December 2, 2021 Leave your thoughts

The psychology of money

Jamal (Jimmy) Esmaily

Ludwig Maximilian Universität, München, Germany

A brief commentary on Vohs, K. D., Mead, N. L., & Goode, M. R. (2006). The Psychological Consequences of Money. Science, 314(5802), 1154–1156. https://doi.org/10.1126/science.1132491


In experiment 1-2, people were divided into 3 groups and asked to finish a word descrambling task. People were given 5 words and had to make a meaningful sentence out of four of the five. For example:

desk, is, cold, very, outside.

The correctly generated sentence would be: “outside is very cold“. The difference between the 3 groups was in the meaning of the generated sentences. In the CONTROL group, the outcome sentences were not related to money at all, just like the example above. In the PLAY MONEY group, same things happened but with only one difference: pictures of Monopoly money were displayed on the screen while people put the words in the right order. In the third group, called MONEY PRIME, the sentences people had to make were directly about money. For example, the group of words:

am, so, paper, I, rich

would generate: “I am so rich“. The authors called this type of sentences “money reminders”. Afterward, people in all 3 groups were given a difficult but solvable LEGO problem. The experimenter told people clearly that if they needed help, they could simply ask her. The key question was: would people in different groups ask for help equally often or not?

I am rich, I need no help!

The results showed that people primed with money took significantly longer time than two other groups to ask for help! (Figure 1). The interpretation was clear: money triggers feelings of self-sufficiency.

Figure 1. People primed with money (squares), took longer to ask for help. Simply showing people the pictures of monopoly money (triangles) also had a similar effect.

Another question was whether any amount of money triggers the feeling of self-sufficiency or, rather, the amount of money plays a role too? Now, experimenters divided people into two group to do the word descrambling task similar to experiment 1. In the first group (Low Money) the sentences implied that the person has little money. In contrast, in the High Money group, money reminder indicated that the person had lots of money. People in the High Money group took longer to ask for help and overall, asked for help significantly less often than the Low Money group (Figure 2). The amount of money mattered!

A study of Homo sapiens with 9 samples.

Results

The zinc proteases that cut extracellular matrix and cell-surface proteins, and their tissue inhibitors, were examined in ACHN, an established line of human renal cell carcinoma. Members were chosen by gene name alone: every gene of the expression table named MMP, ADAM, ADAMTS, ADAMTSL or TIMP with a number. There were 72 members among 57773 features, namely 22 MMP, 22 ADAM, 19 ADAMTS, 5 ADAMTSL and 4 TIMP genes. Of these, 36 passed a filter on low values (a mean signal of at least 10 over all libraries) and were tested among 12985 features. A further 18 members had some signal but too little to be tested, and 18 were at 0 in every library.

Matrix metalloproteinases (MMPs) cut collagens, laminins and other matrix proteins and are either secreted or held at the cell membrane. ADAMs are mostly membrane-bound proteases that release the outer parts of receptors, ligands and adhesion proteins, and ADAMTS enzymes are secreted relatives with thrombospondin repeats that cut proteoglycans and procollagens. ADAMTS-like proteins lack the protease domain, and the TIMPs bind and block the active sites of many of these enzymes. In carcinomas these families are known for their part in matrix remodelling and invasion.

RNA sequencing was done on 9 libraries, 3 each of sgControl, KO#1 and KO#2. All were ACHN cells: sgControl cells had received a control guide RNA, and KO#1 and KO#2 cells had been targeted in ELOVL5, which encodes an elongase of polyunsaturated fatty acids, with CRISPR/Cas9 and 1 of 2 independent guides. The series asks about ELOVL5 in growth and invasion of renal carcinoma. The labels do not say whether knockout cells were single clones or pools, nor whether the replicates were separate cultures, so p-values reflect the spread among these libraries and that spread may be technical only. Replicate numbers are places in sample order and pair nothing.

Figure 2. Priming with more money decreased the probability of asking for help, presumably because high money reminder increased the feeling of self-sufficiency

I am rich, I help no one!

In 4 other experiments, the authors showed that the self-sufficiency feeling created by money reminders made people less helpful to others! The money prime group spent less time to help others. Moreover, they also showed that the money prime group donated less money to charities and became significantly more stingy!

I am rich, keep your distance!

The authors also studied the social effect of money. Experimenter asked subjects to get into a conversation of “get to know each other”. Participants placed their chair in desired distance to the experimenter’s. People who were reminded of by scrambled sentences increased their physical distance from others by sitting separately from them!

The 9 experiments in this study showed that money could impact the human behaviour both regarding to herself and others. But what could be the reason behind these interesting observations? The paper does not tell us much about HOW money changes human behaviour. At present, there is no straightforward clue about the possible neural or computational mechanisms.